Whether it’s $20 in your back pocket or $2 under the couch, it’s always nice to find a bit of treasure.

If your treasure-hunting desire stretches further than your pockets or furniture, the upcoming Oamaru Geofest might be a good place to start.

It is the largest geocaching event to be held in New Zealand this year and about 270 people are expected to arrive in Oamaru for the event on October 21-22.

Oamaru Geofest organising committee chairwoman Nellie Vink said geocaching was a real-world outdoor treasure-hunting game that used GPS-enabled devices.

Participants navigate to a specific set of GPS co-ordinates then attempt to find the cache, a container that contains trinkets, hidden at that location.

When found, a logbook is filled in and the trinket removed and replaced with another.

In some cases, puzzle solving is involved to open the container.

Each trinket has a tag with a code number, which can be looked up online to see how far it has travelled.

Some trinkets had travelled around the world, Mrs Vink said.

She said Oamaru was selected to host the event due to its existing number of caches and proximity to Christchurch and Dunedin, which have high participation rates.

“It already had a lot of caches planted. I don’t know how many, but most are on the [Alps 2 Ocean] cycle trail and there are a lot on the skyline walk.”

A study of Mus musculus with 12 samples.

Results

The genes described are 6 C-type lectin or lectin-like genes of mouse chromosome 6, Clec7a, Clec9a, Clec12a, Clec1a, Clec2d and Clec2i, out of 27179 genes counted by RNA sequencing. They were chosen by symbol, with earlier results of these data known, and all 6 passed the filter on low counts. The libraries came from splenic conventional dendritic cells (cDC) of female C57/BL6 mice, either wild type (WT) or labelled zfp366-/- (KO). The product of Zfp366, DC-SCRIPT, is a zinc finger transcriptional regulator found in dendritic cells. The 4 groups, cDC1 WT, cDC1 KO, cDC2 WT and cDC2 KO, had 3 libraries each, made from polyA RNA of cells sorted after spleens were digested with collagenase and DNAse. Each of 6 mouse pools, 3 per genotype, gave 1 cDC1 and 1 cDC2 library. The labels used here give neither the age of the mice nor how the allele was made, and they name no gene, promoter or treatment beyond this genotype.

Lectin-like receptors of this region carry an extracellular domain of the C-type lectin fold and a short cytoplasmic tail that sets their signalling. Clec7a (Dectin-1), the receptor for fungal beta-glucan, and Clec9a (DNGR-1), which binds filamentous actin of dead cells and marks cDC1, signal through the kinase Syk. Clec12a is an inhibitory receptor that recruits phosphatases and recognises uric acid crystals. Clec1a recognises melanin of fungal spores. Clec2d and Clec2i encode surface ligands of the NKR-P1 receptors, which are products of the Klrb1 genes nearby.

Other caches were hidden all over Oamaru, generally close to buildings, and under geocaching rules, must be at least 161m apart.

She said geocaching could be addictive, and that people could travel huge distances in search of hidden caches.

“I think, for me, I just found going for a walk to the same place very boring, but if there’s something else out there to find, it keeps it interesting.

“Even in Christchurch, we’ve found walkways, paths and monuments we never knew about.”

The pastime had grown in popularity thanks to smartphones.

Geocaching apps can be downloaded to show the GPS co-ordinates of a cache.

Ms Vink said in a lot of cases, it was a matter of “stop, park and grab”.

“With smartphones being more available, I think it’s different .. because more people can get access to it.”

More information can be found on the Oamaru Geofest 2017 Facebook page.